Isabel has been handling the heat of approaching summer remarkably well as we dawdled around Darwin. The Global Warrior does not have air conditioning but its design allows air to circulate freely through the raised roof, giving us reasonable sleeping conditions after days that have soared into the 40s.
We have always liked the city and with Isabel we relished the chance to explore the surrounding areas as well as soak up the ambiance of the tropical city. We tarried a lot longer than we intended and decided to take a rain check on a return to the Gibb River in the Kimberley.
Darwin has a seductive allure about it for Australians. It’s a laid-back city with a frontier feel accentuated by its courageous history.
Bombed by the Japanese during World War 11 and flattened by Cyclone Tracy on Christmas morning 1974, it rebuilt and returned to its role as our northern outpost. With both destructions the rest of Australia had only sketchy details of what had happened to Darwin: the bombings were heavily censored during the war and the communications wipeout on the awful Christmas Day meant news started filtering through slowly from Boxing Day.
Maybe that is part of the reason Darwin has a place in the hearts of Australians.
Finally we made the break and began to head west, wondering if we would meet up with Pat and Gary Pearson from the Fraser Coast. They were exploring the Kimberley with daughter Julie, son and daughter-in-law Gavin and Sandra and two grandchildren.
We had thought we would meet them along the Victoria Highway between Katherine and Kununurra as they headed home but it was a long shot. And we were later than expected.
We halted for the morning at Timber Creek for coffee and communications service. I thought I spied Julie Pearson as I drank coffee at the IGA store but then I thought “Nah”. I hadn’t seen her for years and have a sorry record of accosting strangers who looked vaguely like people I knew. Anyway the lookalike was heading west, not east.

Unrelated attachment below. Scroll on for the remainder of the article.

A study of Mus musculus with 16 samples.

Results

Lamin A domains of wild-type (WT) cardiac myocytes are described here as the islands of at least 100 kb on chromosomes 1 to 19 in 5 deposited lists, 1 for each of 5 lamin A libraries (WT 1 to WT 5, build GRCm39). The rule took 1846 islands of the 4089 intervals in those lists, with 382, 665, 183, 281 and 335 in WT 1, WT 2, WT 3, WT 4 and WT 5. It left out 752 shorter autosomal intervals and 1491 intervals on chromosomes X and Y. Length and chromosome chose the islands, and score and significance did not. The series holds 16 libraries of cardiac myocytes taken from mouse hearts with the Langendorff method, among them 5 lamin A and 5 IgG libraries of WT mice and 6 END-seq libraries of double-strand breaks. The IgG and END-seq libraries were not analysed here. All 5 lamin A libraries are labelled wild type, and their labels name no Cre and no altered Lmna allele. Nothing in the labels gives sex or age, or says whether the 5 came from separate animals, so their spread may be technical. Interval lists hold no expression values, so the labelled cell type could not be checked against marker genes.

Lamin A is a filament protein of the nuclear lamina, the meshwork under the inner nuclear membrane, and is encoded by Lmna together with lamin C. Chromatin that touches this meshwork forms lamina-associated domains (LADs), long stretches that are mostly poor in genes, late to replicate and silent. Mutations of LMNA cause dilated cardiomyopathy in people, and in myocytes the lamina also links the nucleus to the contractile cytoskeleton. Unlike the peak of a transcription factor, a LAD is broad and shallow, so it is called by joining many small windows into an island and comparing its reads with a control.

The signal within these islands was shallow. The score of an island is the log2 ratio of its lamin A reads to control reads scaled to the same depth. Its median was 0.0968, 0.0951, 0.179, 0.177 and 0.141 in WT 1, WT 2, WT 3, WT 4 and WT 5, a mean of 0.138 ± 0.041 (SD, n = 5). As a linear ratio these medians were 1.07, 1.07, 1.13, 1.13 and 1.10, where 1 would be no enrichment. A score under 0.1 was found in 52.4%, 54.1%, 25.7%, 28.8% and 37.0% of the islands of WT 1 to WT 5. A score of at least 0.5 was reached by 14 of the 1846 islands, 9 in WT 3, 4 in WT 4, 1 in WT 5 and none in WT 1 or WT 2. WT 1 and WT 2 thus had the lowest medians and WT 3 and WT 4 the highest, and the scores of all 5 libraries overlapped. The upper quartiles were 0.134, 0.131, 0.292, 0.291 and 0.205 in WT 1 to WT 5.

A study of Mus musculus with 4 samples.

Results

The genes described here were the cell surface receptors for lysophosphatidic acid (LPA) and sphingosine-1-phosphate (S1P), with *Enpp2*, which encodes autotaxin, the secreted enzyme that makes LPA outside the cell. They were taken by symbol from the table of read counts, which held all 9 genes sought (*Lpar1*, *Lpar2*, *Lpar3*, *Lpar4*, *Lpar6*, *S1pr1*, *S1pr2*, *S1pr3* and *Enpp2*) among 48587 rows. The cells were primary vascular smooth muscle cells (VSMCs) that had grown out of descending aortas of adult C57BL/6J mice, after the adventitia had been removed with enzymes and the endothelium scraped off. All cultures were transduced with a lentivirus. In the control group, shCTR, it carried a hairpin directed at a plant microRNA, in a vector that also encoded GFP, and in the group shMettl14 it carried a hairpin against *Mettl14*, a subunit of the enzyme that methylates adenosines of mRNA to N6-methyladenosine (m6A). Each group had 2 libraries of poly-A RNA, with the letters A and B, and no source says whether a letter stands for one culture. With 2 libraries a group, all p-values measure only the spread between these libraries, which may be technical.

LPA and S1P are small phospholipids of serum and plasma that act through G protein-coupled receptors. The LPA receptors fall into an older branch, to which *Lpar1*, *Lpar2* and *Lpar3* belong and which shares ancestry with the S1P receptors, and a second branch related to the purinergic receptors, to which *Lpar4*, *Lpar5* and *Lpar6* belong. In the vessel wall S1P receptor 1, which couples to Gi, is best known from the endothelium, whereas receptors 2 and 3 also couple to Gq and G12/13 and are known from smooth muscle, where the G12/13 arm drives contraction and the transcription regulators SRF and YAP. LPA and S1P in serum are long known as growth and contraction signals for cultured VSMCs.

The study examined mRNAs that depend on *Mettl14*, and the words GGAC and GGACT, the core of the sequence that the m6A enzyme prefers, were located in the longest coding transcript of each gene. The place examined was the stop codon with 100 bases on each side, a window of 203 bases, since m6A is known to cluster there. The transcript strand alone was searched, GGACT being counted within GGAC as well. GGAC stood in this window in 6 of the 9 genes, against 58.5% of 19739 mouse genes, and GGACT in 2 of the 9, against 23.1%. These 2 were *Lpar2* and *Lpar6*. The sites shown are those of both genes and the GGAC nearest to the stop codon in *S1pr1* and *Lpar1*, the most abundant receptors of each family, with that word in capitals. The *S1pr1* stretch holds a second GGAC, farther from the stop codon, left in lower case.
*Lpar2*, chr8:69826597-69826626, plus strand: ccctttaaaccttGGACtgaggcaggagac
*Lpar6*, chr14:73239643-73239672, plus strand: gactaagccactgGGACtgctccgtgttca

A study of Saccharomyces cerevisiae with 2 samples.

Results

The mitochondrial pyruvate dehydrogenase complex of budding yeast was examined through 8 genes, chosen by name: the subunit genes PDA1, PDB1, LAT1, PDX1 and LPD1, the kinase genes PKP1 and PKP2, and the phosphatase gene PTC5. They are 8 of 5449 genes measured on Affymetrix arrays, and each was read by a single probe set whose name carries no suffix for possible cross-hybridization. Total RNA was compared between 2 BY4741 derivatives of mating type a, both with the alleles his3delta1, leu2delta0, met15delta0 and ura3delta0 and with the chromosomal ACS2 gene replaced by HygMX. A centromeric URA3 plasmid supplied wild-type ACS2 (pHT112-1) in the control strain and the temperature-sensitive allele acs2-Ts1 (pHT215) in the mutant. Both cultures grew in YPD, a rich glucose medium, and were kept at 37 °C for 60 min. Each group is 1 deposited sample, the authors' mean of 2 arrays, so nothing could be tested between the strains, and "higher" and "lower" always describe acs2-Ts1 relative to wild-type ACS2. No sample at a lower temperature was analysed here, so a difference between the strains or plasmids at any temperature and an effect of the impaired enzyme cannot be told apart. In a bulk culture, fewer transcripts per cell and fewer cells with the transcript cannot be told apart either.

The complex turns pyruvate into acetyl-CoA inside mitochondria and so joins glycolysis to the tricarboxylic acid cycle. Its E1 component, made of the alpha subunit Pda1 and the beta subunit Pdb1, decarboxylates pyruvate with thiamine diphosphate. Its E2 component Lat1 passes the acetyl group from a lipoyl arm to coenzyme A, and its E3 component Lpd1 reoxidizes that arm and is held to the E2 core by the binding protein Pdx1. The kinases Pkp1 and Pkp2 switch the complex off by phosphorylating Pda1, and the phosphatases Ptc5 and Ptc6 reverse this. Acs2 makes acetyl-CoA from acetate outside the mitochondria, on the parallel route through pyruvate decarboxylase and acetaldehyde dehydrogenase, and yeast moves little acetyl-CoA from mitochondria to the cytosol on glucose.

We eschewed beer supplies at $74 a carton of cans at the hotel (Kununurra had specials of $78 for two cartons but that meant a few beer-less days at Keep River National Park on the way). After an hour or two on-line we decided to have lunch before heading off.
Into the IGA walked Pat and Julie. As temperatures soared towards 40 again Pat and I compared our feral levels; Gary and Tony compared fuel and beer prices; we all talked about the heat.
The Pearson gang had had a fabulous time but had barely slept for the last three nights in the heat wave. We waved goodbye as they headed east and we headed west to Jarnem camp in the Keep River. The heat meant it was sparsely populated: a Swiss couple who left early the next morning were our only companions.
That afternoon another Swiss couple, Ernest and Anita, appeared in a little motorhome that had proved way too hot. They had bought a little pop-up screened sleeping tent and were enjoying looking at the stars.
Ernest, a psychiatrist, was on his fifth trip to Australia. Anita, a nurse, was on her fourth. They were surprised by the heat and thinking about scooting down the Tanami track to Alice to at least get cooler nights in the desert.
We shared a wine in the moonlight and learned the Swiss don’t have quite the same reverence for the banks as they once did. Swiss mortals had about a third of their super swept away in the GFC – yet the gods in the banking fraternity were insulated.
Despite that we seem to be meeting an awful lot of Swiss people in the north of Australia.
Ernest said he had been getting a bit scratchy because of lack of sleep and heat. I pointed out that he was the psychiatrist but maybe the troppo stuff isn’t regular fare in Switzerland disorders.
Jarnem was a haven, with an ancient Aboriginal art gallery, red rock escarpments, a lookout and flood plains. It is like a mini Kakadu at a fraction of the price ($3.30 a night v $35 per person to camp) and minus mosquitoes and people.